Half way into this film I was enthralled; by its conclusion I was annoyed and glum. This is a film that -- through the protagonist played at once oddly creepy and attractive by Freddie Highmore -- asks all the right questions but fails to follow the logic of those questions.
George is a high school senior at a fancy pants prep school in NYC who has been led by the following bit of pop existentialist philosophy -- "you are born alone, die alone and everything else is an illusion"* -- to despair of doing anything meaningful. Despite the despair inherent in the slogan, George is quite chipper and expends vast amounts of energy doing what he wants and avoiding doing what The Man would have him do: study hard, takes tests, and prepare to go to a fancy pants college.
Surely there must be more to life?
Indeed, George's intuition that there is more to life is profoundly correct, but he takes the ever-popular romantic shortcut into enlightenment: falling in love. Don't get me wrong: love, beauty -- these and many more can be a path toward the truth about oneself. But in this film I was reminded of the glib "sex as salvation" tonic fobbed off on moviegoers in Titanic. George's relationship with Sally Howe (Emma Roberts) seems like too pat an answer to George's questions. It left me feeling like the film was suggesting that the way to get the girls is to play the moody existentialist. (That may well be true, by the way.)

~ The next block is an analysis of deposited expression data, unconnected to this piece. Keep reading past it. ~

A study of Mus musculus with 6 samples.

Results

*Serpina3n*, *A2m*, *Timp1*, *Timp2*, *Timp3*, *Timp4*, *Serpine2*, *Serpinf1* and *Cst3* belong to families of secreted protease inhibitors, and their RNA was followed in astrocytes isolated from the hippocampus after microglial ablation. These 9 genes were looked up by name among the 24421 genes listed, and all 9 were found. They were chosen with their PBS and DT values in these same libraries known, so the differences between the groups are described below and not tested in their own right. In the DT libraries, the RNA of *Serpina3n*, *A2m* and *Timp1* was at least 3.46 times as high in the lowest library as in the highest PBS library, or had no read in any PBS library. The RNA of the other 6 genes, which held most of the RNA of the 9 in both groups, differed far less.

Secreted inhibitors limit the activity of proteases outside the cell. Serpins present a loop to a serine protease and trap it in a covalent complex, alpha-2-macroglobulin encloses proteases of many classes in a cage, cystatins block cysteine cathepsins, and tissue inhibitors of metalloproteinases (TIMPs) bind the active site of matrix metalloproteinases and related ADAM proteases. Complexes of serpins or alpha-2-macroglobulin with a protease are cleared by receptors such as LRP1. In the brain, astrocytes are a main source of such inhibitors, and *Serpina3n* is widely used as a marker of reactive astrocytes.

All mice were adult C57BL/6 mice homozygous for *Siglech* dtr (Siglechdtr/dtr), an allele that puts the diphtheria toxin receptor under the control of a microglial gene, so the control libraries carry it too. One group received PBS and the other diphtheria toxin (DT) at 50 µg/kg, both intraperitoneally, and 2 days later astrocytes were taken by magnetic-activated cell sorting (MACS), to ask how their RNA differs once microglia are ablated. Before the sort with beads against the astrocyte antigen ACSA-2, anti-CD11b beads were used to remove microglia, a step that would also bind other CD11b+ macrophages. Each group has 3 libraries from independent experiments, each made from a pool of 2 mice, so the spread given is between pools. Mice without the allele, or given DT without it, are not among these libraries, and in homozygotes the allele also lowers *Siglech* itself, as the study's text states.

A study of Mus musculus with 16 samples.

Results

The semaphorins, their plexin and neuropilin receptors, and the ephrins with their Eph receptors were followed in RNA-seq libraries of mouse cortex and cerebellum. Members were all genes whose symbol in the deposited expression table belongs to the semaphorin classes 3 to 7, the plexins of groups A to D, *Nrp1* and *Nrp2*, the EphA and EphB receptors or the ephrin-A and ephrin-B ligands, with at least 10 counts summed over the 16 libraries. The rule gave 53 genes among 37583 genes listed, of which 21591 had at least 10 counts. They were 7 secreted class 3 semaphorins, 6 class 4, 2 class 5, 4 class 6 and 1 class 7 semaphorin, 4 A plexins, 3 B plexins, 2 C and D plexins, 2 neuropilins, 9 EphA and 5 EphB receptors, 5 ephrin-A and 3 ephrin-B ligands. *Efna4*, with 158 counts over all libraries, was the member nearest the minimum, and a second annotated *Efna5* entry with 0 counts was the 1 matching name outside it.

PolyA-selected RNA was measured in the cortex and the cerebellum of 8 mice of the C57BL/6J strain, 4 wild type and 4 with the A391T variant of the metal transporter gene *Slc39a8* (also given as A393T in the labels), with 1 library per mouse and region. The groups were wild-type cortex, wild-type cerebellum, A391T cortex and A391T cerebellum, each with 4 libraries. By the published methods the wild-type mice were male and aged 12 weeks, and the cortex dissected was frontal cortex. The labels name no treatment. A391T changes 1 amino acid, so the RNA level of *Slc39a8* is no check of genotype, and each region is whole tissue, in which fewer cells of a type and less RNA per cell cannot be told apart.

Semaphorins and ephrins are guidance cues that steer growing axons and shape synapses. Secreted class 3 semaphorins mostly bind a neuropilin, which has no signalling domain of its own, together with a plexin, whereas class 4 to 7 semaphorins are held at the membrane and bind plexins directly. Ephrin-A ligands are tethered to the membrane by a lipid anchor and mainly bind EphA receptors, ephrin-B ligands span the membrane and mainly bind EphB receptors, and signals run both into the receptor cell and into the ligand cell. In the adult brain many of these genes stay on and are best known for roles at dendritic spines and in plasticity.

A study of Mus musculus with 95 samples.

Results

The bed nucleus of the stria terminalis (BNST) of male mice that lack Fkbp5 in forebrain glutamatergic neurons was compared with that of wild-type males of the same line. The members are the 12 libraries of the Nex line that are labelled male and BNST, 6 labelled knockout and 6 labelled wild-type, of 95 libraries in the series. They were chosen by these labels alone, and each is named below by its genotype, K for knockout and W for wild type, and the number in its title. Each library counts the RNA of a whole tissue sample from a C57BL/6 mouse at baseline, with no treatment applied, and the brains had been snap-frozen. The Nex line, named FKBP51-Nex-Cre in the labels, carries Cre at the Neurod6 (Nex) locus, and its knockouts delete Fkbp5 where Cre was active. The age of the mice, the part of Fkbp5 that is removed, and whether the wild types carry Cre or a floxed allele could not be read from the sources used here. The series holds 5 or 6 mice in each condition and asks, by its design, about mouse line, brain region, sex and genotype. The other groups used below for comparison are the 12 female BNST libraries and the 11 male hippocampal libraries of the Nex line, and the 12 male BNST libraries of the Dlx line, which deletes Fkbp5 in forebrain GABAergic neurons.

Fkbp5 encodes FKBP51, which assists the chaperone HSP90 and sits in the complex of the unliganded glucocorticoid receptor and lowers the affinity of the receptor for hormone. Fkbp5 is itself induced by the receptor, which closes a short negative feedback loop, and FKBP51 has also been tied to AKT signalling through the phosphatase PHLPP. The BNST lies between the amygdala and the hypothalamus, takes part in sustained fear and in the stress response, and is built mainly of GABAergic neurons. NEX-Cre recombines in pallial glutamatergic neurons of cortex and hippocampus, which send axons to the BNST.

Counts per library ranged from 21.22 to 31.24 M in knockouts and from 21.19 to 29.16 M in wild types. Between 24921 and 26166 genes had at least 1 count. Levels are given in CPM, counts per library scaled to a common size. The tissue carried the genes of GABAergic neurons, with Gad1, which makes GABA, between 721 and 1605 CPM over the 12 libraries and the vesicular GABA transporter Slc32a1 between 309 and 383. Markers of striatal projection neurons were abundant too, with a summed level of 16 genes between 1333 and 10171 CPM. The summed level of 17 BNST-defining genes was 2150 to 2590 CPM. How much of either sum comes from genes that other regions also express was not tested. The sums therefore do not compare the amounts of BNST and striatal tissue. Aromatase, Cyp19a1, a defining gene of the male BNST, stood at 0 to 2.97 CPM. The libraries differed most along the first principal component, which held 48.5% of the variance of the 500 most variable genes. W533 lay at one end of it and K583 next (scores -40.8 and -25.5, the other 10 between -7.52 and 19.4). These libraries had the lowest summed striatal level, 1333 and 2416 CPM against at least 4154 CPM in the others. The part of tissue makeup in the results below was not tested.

Perhaps the film should have been entitled Go Along to Get Along, for if the heart can be satisfied by loves that do not exceed what immediately confronts us, then George will be a happy camper by being successful according to someone else's criteria.
*Orson Welles may be the source of this quotation; I didn't pursue it very far online.